A new study by Jonathan R. Clark, assistant professor of management at The University of Texas at San Antonio (UTSA), states that the language of leaders has a profound effect on the performance of their employees. Clark’s top-tier research, published in Organizational Dynamics, shows that how a company presents its vision and values is deeply entwined with its overall success.
“Surveys have shown that only about 18 percent of workers are happy and engaged at work,” Clark said. “We believe part of the problem is that organizations have largely become economic vehicles and, as a result, leadership in those organizations has largely become an exercise in financial engineering.”
That narrow purpose is apparent in most companies’ vision statements, as they often use abstract language instead of vivid imagery.
Clark noted that many banks, for example, use vague statements that all sound similar such as, “We will be the preferred provider of targeted financial services. We will strengthen these relationships and provide the right solutions.”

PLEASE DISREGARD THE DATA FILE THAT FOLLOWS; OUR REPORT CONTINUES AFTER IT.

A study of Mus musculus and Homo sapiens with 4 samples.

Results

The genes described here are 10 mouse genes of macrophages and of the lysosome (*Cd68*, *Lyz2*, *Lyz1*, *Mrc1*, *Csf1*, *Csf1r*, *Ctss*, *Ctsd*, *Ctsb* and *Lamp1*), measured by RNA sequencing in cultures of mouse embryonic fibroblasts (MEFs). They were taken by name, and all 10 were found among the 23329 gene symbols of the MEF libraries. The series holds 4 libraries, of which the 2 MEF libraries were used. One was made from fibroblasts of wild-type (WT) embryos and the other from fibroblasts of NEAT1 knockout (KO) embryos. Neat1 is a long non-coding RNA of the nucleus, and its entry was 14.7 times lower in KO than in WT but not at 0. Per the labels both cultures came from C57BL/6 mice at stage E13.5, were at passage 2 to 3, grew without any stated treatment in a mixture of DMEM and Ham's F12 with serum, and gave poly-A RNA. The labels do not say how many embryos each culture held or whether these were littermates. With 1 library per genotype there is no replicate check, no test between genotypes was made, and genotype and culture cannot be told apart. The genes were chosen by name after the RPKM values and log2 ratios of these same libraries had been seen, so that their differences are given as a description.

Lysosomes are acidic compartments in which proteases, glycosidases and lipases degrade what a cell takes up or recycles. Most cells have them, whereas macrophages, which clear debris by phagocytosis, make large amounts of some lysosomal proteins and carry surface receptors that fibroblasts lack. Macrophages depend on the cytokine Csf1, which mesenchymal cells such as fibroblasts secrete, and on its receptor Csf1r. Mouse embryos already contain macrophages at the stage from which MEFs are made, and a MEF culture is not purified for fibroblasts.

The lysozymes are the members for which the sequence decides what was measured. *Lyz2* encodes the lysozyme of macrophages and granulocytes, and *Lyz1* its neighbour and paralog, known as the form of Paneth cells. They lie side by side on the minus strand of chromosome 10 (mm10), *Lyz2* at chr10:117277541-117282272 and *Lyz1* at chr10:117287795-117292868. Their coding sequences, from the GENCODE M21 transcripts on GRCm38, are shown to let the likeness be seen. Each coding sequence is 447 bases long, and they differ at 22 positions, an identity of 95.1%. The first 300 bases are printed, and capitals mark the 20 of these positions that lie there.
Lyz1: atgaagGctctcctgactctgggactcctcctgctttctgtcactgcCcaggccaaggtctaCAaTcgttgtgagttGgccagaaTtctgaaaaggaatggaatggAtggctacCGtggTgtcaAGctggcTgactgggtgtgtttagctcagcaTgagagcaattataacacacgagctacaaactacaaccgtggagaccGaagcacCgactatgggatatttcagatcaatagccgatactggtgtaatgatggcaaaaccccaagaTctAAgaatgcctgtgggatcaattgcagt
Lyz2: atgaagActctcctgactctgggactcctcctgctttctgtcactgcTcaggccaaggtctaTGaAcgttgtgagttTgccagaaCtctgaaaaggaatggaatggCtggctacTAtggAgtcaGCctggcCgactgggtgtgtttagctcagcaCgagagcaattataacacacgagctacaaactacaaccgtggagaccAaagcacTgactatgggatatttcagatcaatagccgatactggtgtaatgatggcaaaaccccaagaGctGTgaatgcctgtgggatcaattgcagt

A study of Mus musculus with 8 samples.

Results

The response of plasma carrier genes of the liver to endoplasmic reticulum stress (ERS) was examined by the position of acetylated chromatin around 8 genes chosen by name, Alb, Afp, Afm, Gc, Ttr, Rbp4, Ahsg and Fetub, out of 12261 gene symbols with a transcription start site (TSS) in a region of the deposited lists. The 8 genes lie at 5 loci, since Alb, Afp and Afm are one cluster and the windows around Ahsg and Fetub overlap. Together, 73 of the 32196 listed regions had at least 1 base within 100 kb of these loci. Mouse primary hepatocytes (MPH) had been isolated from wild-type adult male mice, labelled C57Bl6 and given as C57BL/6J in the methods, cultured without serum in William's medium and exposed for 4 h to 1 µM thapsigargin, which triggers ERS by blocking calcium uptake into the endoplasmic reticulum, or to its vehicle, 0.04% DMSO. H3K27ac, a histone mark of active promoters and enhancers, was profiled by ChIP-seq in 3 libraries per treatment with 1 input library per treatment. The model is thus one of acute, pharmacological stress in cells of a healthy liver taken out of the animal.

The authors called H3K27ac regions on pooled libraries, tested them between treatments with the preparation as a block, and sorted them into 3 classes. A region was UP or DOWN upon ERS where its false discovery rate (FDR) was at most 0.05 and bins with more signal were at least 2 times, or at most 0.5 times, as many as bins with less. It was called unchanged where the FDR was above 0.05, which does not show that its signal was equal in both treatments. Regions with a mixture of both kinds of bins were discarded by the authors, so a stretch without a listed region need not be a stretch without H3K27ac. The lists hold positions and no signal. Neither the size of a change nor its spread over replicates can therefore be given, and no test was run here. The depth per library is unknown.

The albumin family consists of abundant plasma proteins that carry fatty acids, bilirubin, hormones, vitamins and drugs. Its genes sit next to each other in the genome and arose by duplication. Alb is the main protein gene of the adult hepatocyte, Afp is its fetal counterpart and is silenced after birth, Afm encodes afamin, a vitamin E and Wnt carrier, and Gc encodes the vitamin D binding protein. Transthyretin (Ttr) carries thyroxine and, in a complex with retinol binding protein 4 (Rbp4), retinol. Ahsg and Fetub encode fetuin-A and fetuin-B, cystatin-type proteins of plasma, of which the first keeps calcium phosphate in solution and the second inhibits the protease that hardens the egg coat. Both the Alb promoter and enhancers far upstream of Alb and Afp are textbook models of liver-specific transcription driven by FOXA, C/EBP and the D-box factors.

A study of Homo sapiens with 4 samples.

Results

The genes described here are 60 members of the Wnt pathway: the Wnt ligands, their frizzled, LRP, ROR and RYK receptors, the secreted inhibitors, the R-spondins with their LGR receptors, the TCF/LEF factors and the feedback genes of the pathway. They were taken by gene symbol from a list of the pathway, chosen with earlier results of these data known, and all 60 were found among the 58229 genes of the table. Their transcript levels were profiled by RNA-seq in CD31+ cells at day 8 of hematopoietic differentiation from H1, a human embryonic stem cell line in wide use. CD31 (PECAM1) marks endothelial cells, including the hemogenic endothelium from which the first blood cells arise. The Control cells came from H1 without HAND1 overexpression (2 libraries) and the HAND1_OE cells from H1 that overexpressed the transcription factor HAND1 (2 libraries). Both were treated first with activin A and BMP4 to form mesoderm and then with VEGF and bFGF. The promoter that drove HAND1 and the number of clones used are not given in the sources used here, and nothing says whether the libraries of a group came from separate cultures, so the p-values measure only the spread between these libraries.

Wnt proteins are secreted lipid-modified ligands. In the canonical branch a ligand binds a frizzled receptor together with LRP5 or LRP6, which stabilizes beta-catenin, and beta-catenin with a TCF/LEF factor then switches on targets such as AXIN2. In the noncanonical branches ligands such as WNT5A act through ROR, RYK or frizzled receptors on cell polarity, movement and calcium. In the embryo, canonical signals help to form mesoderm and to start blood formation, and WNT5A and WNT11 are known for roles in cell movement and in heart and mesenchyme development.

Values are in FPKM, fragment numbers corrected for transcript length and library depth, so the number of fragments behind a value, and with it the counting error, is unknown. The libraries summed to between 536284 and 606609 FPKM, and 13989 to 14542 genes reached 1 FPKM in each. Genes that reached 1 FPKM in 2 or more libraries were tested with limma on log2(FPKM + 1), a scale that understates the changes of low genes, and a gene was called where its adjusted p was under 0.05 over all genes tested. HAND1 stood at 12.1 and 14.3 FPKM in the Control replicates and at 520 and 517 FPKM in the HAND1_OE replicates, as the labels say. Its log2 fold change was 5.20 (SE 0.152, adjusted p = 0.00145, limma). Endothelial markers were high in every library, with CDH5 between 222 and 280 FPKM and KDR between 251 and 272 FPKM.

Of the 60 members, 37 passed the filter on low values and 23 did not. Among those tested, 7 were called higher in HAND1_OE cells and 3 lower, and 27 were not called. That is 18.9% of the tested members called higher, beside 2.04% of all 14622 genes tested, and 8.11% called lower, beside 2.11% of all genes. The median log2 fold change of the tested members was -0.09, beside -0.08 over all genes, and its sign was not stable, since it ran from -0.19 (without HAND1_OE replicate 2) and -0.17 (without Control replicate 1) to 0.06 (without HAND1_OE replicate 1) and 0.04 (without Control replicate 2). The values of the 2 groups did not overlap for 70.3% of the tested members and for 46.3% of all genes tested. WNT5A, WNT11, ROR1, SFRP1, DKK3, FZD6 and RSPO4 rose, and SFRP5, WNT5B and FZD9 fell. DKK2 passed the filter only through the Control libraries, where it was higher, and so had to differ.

He says that kind of language is conceptual and does little to tell the clients, or even the employees, what the company’s vision is.
Clark considers Toys ‘R Us an example of an organization that had a strong vision statement. Its previous statement reads, “Our vision is to put joy in kids’ hearts and a smile on parents’ faces.”
“Everyone can imagine a kid, everyone knows what joy feels like and everyone can imagine a parent with their child smiling,” Clark said. “That’s what makes something vivid: when you have concrete objects and behaviors that people can actually imagine in their minds.”
According to Clark’s research, the best-performing organizations frequently have well-coordinated employees operating under a vivid vision statement that is consistently interpreted in the same way by employees. He and his colleagues also discovered that a focused set of values can have positive effects if used beyond mission statements.
In his study, Clark used the Cleveland Clinic, a mid-western health system, as an example of an organization that changed its ways by emphasizing the needs and comfort of its patients. The center’s CEO began by communicating a new vision using vivid language, but took it a step further by making certain that every employee, from surgeons to janitors, were referred to as “caregivers.”
“A leader provides focus for people and points them toward a specific set of values that guide action within the organization,” said Clark. “In that sense, the language that leaders use is absolutely critical.”
The above post is reprinted from materials provided by University of Texas at San Antonio.